Saturday, May 21, 2011

The Eyre Affair

The Eyre Affair by Jasper Fforde has to be one of the most interesting and elaborate books I've ever read. The characters are well thought out, the plot is interesting and very detailed, and the book doesn't lack in very exciting moments for the reader. There is literately something for everyone in this.

Let's start with the plot. Thursday Next is the main character and she happens to be a very kick-butt sort of female. She shoots first and asks questions later. She is a literary detective and takes care of all of the books in England. She solves mysteries on copyright, reproduction, overcharging of materials, and she carries a gun. At first, she thinks a robbery she is called to is a standard crime, something easily solvable, but it turns out that the sinister plot runs deeper. She is asked to be apart of another division and she readily accepts due to the fact that being a literary detective can be boring. This decision leads her on a whirlwind chase of a master criminal who she may or may not have had an affair with in the past. Throughout the book there is time travel, kidnapping of characters from books, changes made to literary works, and a slight romance. There are also gun fights, violence, hospital stays and various other types of talks of politics and war. This book takes place in our time, but is not of our time. There is so much going on here you have to really pay attention to the details.

The characters, and there are alot of them, are well thought out and wonderful. They are named perfectly and you can tell the author took time to get this book just right. I'm not sure the author thought there would be a second book in the series as the ending wraps up very nicely.

I enjoyed this book immensely. The woman who narrated the audio book (yes, I'm still reading in my car) has a wonderful voice and is able to do many many characters while keeping the storyline going.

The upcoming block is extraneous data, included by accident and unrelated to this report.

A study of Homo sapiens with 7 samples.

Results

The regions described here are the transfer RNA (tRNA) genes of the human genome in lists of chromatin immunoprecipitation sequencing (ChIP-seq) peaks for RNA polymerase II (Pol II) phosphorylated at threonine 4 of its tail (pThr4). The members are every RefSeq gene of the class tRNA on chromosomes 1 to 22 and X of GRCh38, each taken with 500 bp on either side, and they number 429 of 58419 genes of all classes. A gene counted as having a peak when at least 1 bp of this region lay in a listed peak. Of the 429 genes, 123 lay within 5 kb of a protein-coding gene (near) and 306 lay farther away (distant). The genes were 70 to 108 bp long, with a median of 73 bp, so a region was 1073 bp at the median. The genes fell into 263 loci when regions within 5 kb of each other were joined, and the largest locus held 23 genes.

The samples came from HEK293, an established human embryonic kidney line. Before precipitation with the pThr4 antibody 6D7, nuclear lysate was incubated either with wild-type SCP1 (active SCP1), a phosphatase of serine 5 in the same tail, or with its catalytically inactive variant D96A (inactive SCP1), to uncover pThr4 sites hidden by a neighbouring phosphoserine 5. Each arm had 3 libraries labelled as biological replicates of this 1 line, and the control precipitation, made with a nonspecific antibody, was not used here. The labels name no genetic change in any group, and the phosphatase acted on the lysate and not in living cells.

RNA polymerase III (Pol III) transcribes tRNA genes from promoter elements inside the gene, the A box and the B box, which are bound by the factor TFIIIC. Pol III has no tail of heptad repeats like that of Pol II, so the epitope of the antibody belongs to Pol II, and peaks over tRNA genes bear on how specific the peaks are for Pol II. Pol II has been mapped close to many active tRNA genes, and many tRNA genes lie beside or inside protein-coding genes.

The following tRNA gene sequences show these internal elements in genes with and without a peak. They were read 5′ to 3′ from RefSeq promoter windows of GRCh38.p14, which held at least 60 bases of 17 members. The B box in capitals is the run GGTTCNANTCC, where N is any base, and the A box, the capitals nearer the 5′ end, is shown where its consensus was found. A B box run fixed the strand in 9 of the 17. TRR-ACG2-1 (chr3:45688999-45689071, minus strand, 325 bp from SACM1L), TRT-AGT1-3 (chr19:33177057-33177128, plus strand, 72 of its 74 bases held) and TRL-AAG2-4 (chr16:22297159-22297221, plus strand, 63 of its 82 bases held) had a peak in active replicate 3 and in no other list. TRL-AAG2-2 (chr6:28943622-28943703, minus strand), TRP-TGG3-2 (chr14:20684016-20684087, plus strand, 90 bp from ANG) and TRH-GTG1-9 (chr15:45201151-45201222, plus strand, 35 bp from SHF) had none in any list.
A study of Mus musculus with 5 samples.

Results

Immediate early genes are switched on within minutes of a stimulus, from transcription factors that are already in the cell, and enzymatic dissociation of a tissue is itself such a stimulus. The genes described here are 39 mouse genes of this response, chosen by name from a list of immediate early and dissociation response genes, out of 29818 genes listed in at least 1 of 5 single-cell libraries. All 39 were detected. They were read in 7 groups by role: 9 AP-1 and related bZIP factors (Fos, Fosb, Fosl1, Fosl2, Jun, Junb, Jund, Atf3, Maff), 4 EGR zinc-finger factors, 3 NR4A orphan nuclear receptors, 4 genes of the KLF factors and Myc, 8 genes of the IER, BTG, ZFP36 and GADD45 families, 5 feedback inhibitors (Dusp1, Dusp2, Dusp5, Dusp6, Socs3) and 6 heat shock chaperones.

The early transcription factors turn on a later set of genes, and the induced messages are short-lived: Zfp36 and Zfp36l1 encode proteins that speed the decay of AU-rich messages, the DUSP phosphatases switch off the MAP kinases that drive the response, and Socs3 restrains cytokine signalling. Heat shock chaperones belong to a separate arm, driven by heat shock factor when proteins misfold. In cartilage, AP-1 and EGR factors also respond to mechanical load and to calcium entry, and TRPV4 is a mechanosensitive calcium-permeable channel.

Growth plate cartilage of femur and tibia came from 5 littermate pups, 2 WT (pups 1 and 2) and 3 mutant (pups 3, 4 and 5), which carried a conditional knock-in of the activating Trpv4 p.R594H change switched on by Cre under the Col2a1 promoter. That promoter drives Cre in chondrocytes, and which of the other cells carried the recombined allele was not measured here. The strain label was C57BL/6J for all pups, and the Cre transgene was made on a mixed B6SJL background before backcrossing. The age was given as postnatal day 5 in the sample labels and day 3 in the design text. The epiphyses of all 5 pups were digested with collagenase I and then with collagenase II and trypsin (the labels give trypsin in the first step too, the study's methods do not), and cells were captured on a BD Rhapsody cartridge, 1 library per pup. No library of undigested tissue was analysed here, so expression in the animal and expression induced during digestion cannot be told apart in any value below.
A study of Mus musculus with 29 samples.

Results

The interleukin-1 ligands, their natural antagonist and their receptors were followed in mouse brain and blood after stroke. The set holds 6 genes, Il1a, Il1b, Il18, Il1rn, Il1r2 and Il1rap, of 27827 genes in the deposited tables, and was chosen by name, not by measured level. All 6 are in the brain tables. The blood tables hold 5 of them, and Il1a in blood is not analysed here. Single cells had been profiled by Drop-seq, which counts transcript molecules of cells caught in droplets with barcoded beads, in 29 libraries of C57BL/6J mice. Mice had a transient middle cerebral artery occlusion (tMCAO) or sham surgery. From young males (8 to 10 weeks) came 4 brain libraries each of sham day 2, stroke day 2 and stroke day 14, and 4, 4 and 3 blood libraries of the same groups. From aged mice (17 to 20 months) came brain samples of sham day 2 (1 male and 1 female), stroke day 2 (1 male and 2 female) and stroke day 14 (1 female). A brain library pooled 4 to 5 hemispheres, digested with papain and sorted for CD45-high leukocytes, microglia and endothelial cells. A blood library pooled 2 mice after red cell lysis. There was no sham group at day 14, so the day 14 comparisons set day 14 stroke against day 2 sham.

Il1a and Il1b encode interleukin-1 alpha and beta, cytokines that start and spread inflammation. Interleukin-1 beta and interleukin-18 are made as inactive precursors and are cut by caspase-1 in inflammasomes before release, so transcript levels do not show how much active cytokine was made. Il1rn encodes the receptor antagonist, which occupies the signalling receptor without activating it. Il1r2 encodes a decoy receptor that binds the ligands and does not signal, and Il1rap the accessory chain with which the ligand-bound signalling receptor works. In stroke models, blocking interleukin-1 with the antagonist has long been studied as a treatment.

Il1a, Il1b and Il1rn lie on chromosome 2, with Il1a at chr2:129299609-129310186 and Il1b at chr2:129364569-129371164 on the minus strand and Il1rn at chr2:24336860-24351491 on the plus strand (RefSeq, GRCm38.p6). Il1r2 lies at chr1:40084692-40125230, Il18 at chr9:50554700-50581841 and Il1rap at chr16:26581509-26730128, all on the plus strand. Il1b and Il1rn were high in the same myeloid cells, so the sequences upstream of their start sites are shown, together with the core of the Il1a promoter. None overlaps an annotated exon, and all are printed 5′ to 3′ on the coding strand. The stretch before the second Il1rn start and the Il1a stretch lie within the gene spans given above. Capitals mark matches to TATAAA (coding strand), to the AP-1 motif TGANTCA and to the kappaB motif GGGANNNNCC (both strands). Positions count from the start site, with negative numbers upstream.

If you enjoy mysteries, action, science fiction, literature, or political, this is the book for you!

Tuesday, May 10, 2011

Great Expectations: The Eyre Affair by Jasper Fforde

There are some books you put on your list of books to read that you just never get around to. This is one of them, for me at least. I saw the cover of this book and was really intrigued by it. I love Jane Eyre and the fact that she is an independent woman who chooses what she wants and who she wants to be with has always struck a cord with me. I think that is why the Eyre Affair has been on my list for 6 years.

From what I gather, Jane is kidnapped out of her book. The main character, Thursday Next, a literary detective, has to find her and put her back in her proper place. Thursday, incidentally, is also a strong female character.

Since I have waited so long to read this, I hope I find it interesting and well worth the wait. If not, I supposed I will have to be content with reading the first in the series and giving up on the rest. I usually only get 3 books into a series anyway before I lose interest. There are only so many times the same thing can happen in a book.

Tuesday, May 3, 2011

Airhead and Being Nikki

Meg Cabot is brilliant. I know it's wrong to gush about authors and books, but I am such a HUGE fan and this series does not disappoint.

Em Watts is a (sort of) regular teenage girl. She considers herself to be a feminist, she fights the good fight for the environment and is against big business. She hates Stark, the big corporate mega store. Nikki Howard is a 16 year old supermodel with perfect hair and long legs. She happens to be the spokes model for Stark. During a Stark Mega-store opening, which Em's sister Freida has to attend, Em is killed by a giant flat-screen television that falls on her. At the exact same time, Nikki suffers a brain disorder and is killed instantly. Stark, not wanting to lose a great model, transfers Em's brain into Nikki's body. Unfortunately, Em now has to do a lot of things she hates, like model. She also gets all the perks like a cool loft in Manhattan, a crazy roommate, and a built-in boyfriend. Em has to adjust to everything in her life, including friends, family and her own viewpoints about the world to accommodate her new body. The second book has a great plot that turns into a mystery when Nikki's brother comes to town and Em finds out Nikki's mother is missing and has been for months.

Meg Cabot seems to also have something to say about the way consumerism and industry has worked over the past few years. She makes sly comments about capitalism and sometimes you can hear her views on how big business effects small town life. Meg definitely has a point of view on this and is able to express that in a fun and interesting way. You may not agree with her on this, and that's okay because she doesn't ram it down your throat.

Overall, this is a great series and I will be reading Runaway, as soon as a copy gets turned back into the library. Sometimes, it's difficult to wait.